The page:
As a famous intellectual once said, blindly following theories is a far-cry from an intellectual virtue – it’s an intellectual crime instead. This saying can be applied in all areas of life, especially in where policies are constantly being made. To this extent, a bad policy can have a profound negative impact in regards to the pursuit of improved public health.
This is why it’s baffling to see smart scientists remain fully committed to bad research. One such bad research is none other than the theory that electronic cigarettes are a gateway to smoking. Here’s why this is not even remotely close to the truth.
Not All Variables Can Lead to Predictions
Most hypotheses based on the gateway effect are rarely supported with sound evidence, meaning that it’s nearly impossible to prove which ingredients lead to a transition from one habit (vaping) to another (smoking). What could be known, however, is that some individuals (or groups) are highly inclined to take part in risky behaviors, and scientists can’t always predict all of the variables through which these people will engage in these behaviors.
Minimizing Risky Behaviors
Granted, there are good and bad ways to minimize risky behaviors among users, where prohibiting the use of just one product (in this case e-cigarettes) is certainly a bad way to go about this issue. In fact, it’s even worse if policy makers expect to decrease the consumption of one product (combustible cigarettes) by banning another product (vaping). At best, banning or strictly regulating electronic cigarettes will detract time, energy, and resources from finding a long-term solution. At worst however, users who would otherwise benefit from the reduced health risks from the alleged gateway product (e-cigarettes), are put at a higher risk of relapsing to a more dangerous one (traditional smokes).
Mishandling of Scientific Evidence
There is no shortage of misleading scientific research that, as we said, threatens to undermine the reduced harm of electronic cigarettes and urge vapers to reach for some of the more dangerous tobacco products as is. In fact, several of these studies have concluded that e-cigarettes are a gateway to traditional smoking in teens. In particular, one such study has concluded that kids who already use e-cigarettes are seven times more likely to relapse to smoking when compared to kids who don’t vape.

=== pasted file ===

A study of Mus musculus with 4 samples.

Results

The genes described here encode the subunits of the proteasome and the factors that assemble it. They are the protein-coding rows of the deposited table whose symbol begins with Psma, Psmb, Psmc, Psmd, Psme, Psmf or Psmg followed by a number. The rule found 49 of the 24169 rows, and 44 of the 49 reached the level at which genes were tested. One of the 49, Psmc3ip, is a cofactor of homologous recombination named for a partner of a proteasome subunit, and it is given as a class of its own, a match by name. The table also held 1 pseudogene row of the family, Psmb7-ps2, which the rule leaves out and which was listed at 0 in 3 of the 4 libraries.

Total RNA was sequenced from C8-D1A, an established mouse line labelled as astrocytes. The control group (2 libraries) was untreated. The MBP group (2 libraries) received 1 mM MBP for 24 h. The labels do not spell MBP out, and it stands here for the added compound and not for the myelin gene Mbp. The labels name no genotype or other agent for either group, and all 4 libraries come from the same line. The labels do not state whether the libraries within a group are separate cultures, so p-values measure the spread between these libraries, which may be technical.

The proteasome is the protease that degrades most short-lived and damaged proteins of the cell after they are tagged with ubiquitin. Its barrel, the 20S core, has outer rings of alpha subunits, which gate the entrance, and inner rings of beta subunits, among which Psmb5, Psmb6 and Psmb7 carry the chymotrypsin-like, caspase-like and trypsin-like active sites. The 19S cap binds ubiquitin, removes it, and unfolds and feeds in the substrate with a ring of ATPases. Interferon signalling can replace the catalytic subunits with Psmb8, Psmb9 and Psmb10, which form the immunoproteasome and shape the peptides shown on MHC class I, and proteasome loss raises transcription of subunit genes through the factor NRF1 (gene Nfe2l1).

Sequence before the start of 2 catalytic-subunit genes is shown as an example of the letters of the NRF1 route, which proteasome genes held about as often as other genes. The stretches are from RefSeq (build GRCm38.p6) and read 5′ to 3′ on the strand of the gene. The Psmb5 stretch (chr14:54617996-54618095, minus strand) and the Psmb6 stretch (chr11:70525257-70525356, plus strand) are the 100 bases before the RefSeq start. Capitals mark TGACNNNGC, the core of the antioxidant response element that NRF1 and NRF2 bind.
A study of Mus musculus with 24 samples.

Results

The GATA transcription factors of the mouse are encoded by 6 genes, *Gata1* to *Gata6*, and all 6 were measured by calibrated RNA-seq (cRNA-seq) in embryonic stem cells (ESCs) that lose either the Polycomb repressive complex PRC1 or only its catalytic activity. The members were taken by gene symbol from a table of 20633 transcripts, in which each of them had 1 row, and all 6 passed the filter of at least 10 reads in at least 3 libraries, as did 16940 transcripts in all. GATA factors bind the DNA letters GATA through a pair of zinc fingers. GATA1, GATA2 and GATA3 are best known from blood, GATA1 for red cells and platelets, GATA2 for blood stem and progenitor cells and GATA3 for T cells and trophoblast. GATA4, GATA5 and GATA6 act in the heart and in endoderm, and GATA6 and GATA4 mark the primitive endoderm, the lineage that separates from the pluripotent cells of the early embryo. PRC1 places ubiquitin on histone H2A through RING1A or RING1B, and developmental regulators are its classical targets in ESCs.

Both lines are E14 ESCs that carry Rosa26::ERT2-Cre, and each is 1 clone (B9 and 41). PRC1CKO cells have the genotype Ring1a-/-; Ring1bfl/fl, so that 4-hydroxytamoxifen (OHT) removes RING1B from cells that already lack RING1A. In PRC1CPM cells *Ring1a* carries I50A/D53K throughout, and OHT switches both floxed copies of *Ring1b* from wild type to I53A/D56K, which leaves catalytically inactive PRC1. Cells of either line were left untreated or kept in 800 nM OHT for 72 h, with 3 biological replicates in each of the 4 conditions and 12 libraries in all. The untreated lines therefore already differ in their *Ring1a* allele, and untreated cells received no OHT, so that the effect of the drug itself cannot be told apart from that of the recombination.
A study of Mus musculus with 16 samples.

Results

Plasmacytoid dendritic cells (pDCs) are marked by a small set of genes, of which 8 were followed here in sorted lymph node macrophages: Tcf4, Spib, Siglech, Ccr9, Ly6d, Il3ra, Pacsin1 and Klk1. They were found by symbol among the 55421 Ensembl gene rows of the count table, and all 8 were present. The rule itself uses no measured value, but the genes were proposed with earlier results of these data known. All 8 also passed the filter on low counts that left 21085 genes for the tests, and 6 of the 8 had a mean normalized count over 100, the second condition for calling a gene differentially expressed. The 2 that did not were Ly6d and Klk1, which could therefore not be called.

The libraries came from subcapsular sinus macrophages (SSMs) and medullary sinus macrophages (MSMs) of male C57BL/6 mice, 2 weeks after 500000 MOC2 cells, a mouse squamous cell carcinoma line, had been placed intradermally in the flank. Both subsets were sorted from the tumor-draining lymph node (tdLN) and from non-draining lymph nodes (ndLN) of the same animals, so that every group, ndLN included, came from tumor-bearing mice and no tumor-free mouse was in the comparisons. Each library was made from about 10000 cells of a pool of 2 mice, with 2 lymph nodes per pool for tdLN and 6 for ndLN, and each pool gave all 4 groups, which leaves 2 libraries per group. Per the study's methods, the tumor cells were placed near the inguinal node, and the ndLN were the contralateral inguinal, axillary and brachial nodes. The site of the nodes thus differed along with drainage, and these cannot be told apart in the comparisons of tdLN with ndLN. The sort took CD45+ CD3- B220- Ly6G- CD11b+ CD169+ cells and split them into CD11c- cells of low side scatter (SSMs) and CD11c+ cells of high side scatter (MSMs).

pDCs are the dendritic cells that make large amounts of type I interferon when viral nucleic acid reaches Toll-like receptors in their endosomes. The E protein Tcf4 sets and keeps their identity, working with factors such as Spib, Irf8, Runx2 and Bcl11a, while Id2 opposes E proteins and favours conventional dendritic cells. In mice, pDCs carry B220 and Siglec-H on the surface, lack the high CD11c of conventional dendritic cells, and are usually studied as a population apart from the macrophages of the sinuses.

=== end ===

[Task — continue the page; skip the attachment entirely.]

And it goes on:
At first look, this research would have anyone to believe that the increased availability of electronic cigarettes leads to an increased use of cigarettes as well. However, both of these studies are missing one key variable – which is also suggested by the data – that younger individuals are more inclined to experiment.
During the two-year study, the odds that e-cigarette use would lead to smoking were halved, meaning that young vapers were two times less likely to reach for a cigarette in the second phase of the research. One variable that remained constant at each point in time over the course of the study, however, was cigarette use; those subjects who used cigarettes in the past were most likely to relapse to smoking in the future as well.
Finally, the study shows that e-cigarette use has a strong correlation to future smoking, but that doesn’t mean that vaping is also a direct precursor to cigarette use. This is a classic case of mixing correlation with causation, and the study’s own design prevents the researchers from seeing this major flaw in the final results.
Reading Population-Level Data
The reality is, the data from these studies is very inconclusive and it doesn’t prove the gateway hypothesis as promoted by the opponents of vaping. To help us better understand the real relationship between e-cigarettes and combustible cigarette use, we have to look at population-level data instead. This data shows that e-cigarette use almost tripled between 2013 and 2014; meanwhile, the same data showed that smoking decreased by 27 percent between 2013 and 2015, experiencing a drop by 8 percent in 2016 as well. If electronic cigarettes were indeed precursors to smoking, then this data should’ve shown an increase in smoking during all of those years too, and not the other way around (i.e. a significant drop in tobacco cigarette use).
In fact, the current use of cigarettes among adolescents is at an all-time low. As of 2016, youngsters are smoking 13% less cigarettes, which is down from additional 17% in the years before. Smoking among adolescents has never been that low.
The Right Approach
So, what can be done to avoid these science-wrapped misunderstandings in the future? First of all, there needs to be a panel of experts who would take all of the data, including physiological studies, population studies, and toxicology studies, and determine if an intervention will have a positive effect on public health.
Finally, the younger population needs to be properly educated on all-things vaping; this includes the different types of electronic vape devices (cigalike, vape pens, RDA), brands (Vaper Empire, Juul), health risks and concerns, cost, and more. By educating the youth, adolescents will be able to decide for themselves if vaping is something they’d like to do in the long run.